Zune squares up to iPod


In spite of repeated challenges from rivals such as SanDisk, Microsoft and Sony, Apple has maintained its near 75 per cent market share and helped build a huge iPod ecosystem through a potent mix of marketing smarts, price management and just-in-time product enhancements.

In spite of the iPod’s undeniable success (and indications the standalone portable media player market may have peaked), Apple’s rivals are not about to give up. Indeed, as I have been discovering, some of the latest products from competitors offer features that Apple’s players have yet to match.

This week, Microsoft launched its long-awaited Zune HD in the US (the company has yet to announce launch dates elsewhere). In spite of the Zune moniker, the new player is a
clear attempt by Microsoft to draw a line under the limited success of earlier Zune players and start afresh. To this end, the company is phasing out its earlier players.

The Zune HD is available in two configurations: 16Gb for $220 and 32Gb for $290 (almost the same as the new iPod Touch pricing). The 32GB version holds up to 10 hours of high-definition video, or 48 hours of standard-definition video optimised for the player, 8,000 songs or 25,000 pictures.

Unlike previous models, the Zune HD is a stylish, super-slim device that features some technology firsts including a big, bright and bold OLED (organic light emitting diode) multi-touch enabled screen.

As you might expect, the super-bright colour screen, which measures just under 84mm diagonally, is great for video. Another advantage of OLED screens is their low-power consumption. Microsoft claims the Zune HD should deliver up to 33 hours of music playback and about 8.5 hours of video from a single charge – claims that my initial tests bear out. (The device recharges in about three hours when plugged into a PC’s USB socket.)

Microsoft has devoted a lot of attention to video functionality including how well the Zune links up to other devices. For example, the player is powered by Nvidia’s Tegra processor and features high-definition video output. This means users can play back video clips, movies and television shows stored on the device on a big-screen TV using an optional “AV Dock” that costs $50 and supports either an HDMI (high definition multimedia interface) cable or a composite AV cable.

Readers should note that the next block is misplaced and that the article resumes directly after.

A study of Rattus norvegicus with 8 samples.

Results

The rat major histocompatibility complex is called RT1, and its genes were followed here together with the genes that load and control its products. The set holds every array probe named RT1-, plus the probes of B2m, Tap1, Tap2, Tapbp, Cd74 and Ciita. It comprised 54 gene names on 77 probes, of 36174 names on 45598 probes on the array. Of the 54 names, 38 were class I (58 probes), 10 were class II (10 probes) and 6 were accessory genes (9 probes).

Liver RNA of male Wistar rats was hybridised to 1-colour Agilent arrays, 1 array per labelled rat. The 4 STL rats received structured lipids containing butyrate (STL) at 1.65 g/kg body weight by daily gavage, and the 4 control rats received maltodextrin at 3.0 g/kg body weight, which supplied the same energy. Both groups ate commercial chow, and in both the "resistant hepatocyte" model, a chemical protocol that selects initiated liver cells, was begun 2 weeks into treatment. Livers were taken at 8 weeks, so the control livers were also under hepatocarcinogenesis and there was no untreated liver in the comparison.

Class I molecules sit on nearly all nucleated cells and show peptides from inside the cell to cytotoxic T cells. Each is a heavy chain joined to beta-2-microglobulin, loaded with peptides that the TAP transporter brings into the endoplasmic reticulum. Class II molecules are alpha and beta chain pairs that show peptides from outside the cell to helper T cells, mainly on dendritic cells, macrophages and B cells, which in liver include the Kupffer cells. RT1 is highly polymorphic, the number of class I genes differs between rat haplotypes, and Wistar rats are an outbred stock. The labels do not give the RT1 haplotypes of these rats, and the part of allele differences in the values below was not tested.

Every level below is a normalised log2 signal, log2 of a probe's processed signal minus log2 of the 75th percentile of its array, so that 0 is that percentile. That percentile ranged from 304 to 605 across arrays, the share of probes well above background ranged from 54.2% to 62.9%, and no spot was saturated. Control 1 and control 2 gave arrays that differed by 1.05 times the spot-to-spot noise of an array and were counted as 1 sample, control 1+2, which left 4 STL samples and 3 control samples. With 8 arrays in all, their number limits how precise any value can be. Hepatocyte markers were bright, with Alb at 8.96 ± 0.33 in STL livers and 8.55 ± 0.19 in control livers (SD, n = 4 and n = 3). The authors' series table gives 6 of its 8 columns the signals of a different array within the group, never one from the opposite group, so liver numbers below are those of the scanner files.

Meanwhile, the revamped Zune Marketplace, Microsoft’s answer to iTunes, features movie and TV show downloads and a range of games for the company’s Xbox video console in addition to an extensive music selection available for purchase and download or monthly subscription plan.

Like the iPod Touch, the Zune HD is WiFi-enabled so owners can stream music from the web and synch it wirelessly to a PC, a feature that iTunes does not support. The Zune HD also comes with a nifty web browser that is optimised for this screen format and enables users to check e-mail, traffic and news and browse other sites while connected to a WiFi network. (The browser supports Microsoft’s Bing search engine, and the device comes with an on-screen virtual keyboard.)

In addition, the player comes with a built-in HD radio receiver, useful if you get bored of your MP3 collection. For audiophiles, the player supports WMA lossless files as well as all the more usual audio formats.

When you first set up the Zune HD, you must download the latest version of the Zune software to a PC and connect the Zune player to the PC using the USB cable connector supplied. As soon as the device is connected, it automatically begins charging the battery and synchronising content in much the same way that iTunes software does with an iPod. This is when you can opt to sync with a PC wirelessly. If you want to download content or purchase a Zune subscription, you need to set up an account.

The process is reasonably painless, though I got a fright when my test device froze after updating. Fortunately, all that was required was a reset (holding the on/off button on the top edge of the player down for seven seconds).

Microsoft is positioning the Zune HD to be part of “an integrated entertainment experience” that also includes its Xbox video player and Windows-powered PCs. The company also says the Zune software/service could appear on other types of devices including Windows Mobile-powered smartphones.

In a nutshell, if you want to play it safe, are a Mac rather than Windows PC user, or want access the widest range of add-on software, go for the iPod Touch. If, however you want a feature-packed, portable player for a reasonable price, the Zune HD is worth considering.

Apple’s iPod family will probably retain their market dominance, but based on the evidence of the Zune HD, rivals are narrowing the gap.